Becoming the Beach Boys 1961-1963 by James B. Murphy

This is an interesting book but it is really geared toward the serious music aficionado and record collectors out there. It covers the Beach Boys from their likely inception in 1961 through 1963 when they started to garner their first real success on Capitol Records.

I read a particularly harsh criticism from someone who did not read the whole book but had a background of living in Redondo Beach and was quibbling with some of the facts as presented in the book. To this I would say that the author mentions straight up from the very beginning of the book that he did his best to get the details correct however there was a lot of confusion and quarrels even among the people involved about what happened on what date and where.

Look, we are talking about events that are now over 50 years ago. Two of the three Wilson brothers as well as their parents are deceased and due to Brian Wilson’s mental health issues, it’s possible that the details will be forever lost. I was not particularly cut up at the name of a wrong high school or auditorium name being used incorrectly but if that is the kind of detail that drives you mad, then simply don’t read the book.

However, if you are a serious audiophile, this author has gone to a great deal of time and trouble to locate acetates, original recordings and pressings from obscure labels in order to identify some of the earliest recordings and songs written by Brian Wilson and the Beach Boys in its earliest formation. There is a level of detail that true record collectors will appreciate if they want to find these obscure 45’s for their collections.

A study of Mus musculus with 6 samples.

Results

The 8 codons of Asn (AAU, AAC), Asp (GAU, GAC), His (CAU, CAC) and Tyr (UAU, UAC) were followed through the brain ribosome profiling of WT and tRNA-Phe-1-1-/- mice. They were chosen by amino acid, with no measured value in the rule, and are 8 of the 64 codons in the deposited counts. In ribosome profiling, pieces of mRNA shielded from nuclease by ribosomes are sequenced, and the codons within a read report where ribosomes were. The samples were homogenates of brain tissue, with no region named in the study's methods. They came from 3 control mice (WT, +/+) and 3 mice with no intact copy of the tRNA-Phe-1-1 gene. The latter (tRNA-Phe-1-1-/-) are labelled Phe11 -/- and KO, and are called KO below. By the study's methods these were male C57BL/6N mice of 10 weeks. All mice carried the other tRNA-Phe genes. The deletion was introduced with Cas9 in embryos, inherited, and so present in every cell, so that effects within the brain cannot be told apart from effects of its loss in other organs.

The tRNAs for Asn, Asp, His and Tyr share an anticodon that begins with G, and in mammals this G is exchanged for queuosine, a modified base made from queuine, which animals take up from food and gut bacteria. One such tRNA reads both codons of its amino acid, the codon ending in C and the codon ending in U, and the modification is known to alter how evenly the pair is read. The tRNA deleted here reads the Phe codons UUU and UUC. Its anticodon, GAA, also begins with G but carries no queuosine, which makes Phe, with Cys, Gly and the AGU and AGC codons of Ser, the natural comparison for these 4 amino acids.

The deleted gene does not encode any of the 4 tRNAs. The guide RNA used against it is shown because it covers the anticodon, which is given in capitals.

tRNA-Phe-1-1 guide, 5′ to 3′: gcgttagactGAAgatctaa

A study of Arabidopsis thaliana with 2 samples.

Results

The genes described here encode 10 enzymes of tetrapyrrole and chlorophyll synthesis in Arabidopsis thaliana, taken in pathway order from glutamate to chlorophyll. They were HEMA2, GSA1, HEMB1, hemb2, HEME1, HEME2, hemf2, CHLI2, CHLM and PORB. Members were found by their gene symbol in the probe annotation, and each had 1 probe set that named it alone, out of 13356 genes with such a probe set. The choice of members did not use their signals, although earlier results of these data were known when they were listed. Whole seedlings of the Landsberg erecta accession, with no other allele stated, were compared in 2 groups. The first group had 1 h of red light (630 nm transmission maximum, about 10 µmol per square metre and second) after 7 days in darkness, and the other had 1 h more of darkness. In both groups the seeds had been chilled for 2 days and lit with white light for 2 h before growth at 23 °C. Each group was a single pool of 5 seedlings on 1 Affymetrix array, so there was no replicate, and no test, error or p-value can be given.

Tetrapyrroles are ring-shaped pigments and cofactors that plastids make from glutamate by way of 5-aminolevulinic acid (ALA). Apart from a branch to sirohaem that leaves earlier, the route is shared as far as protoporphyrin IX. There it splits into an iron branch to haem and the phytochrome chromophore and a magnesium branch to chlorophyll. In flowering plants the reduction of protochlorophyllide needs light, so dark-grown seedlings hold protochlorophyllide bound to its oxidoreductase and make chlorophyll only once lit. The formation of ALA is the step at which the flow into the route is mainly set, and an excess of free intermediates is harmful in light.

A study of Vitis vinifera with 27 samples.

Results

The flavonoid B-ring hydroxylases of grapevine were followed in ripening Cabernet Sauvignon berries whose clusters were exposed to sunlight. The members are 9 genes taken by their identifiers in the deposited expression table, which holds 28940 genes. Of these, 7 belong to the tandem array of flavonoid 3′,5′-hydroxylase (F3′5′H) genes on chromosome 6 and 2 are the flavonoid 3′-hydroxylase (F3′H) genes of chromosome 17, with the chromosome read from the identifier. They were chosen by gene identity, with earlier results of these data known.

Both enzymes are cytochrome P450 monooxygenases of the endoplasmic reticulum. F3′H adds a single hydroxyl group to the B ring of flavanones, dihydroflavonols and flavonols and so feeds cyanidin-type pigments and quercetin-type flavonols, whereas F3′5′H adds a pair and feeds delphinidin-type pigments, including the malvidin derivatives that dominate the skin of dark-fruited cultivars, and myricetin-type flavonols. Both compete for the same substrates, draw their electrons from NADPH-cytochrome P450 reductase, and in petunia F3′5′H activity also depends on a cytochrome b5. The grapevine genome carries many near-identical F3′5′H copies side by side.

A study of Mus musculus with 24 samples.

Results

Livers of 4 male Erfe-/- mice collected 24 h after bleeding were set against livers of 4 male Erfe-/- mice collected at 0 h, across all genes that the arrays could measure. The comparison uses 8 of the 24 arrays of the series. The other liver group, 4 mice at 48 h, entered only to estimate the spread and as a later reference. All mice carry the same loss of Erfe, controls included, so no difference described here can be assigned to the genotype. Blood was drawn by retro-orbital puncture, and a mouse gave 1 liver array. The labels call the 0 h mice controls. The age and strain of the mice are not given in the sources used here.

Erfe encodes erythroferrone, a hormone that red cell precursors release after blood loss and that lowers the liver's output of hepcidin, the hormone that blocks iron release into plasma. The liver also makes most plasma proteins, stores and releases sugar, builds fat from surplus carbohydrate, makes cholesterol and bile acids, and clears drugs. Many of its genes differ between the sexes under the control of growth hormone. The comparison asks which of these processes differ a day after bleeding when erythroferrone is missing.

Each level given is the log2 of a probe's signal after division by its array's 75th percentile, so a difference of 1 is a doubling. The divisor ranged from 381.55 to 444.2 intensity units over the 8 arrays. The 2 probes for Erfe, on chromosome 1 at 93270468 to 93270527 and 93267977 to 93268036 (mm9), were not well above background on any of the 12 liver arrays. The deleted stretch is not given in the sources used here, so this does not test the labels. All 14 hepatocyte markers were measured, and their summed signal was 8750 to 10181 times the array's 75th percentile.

There is biographical information about the parents of the Wilson’s, The Love’s and The Jardine’s that give a little insight into how the members of the group came to have a love and appreciation for music. The biographical detail is not in depth reporting on family dynamics, psychological or social settings. It is focused solely on music and its place in the life of each member and how that evolved into the formation of the group.

I was expecting more of a biography but I stuck with the book to see where it was headed and found myself drawn into some of the details that are meaningful to the collector. But make no mistake, this book is very long on detail and presents conflicting accounts as they were given to the author by the players involved. With that in mind, there are times when the reader simply has to “pick a side” and decide to go with that version of events or reject an alternate version in favor of information they may have read from another source.

The indexing and end notes are expansive for those wanting to dig further or cross reference for their own work. For the average reader, three stars but for the serious record collector and audiophile, this is probably a five star effort.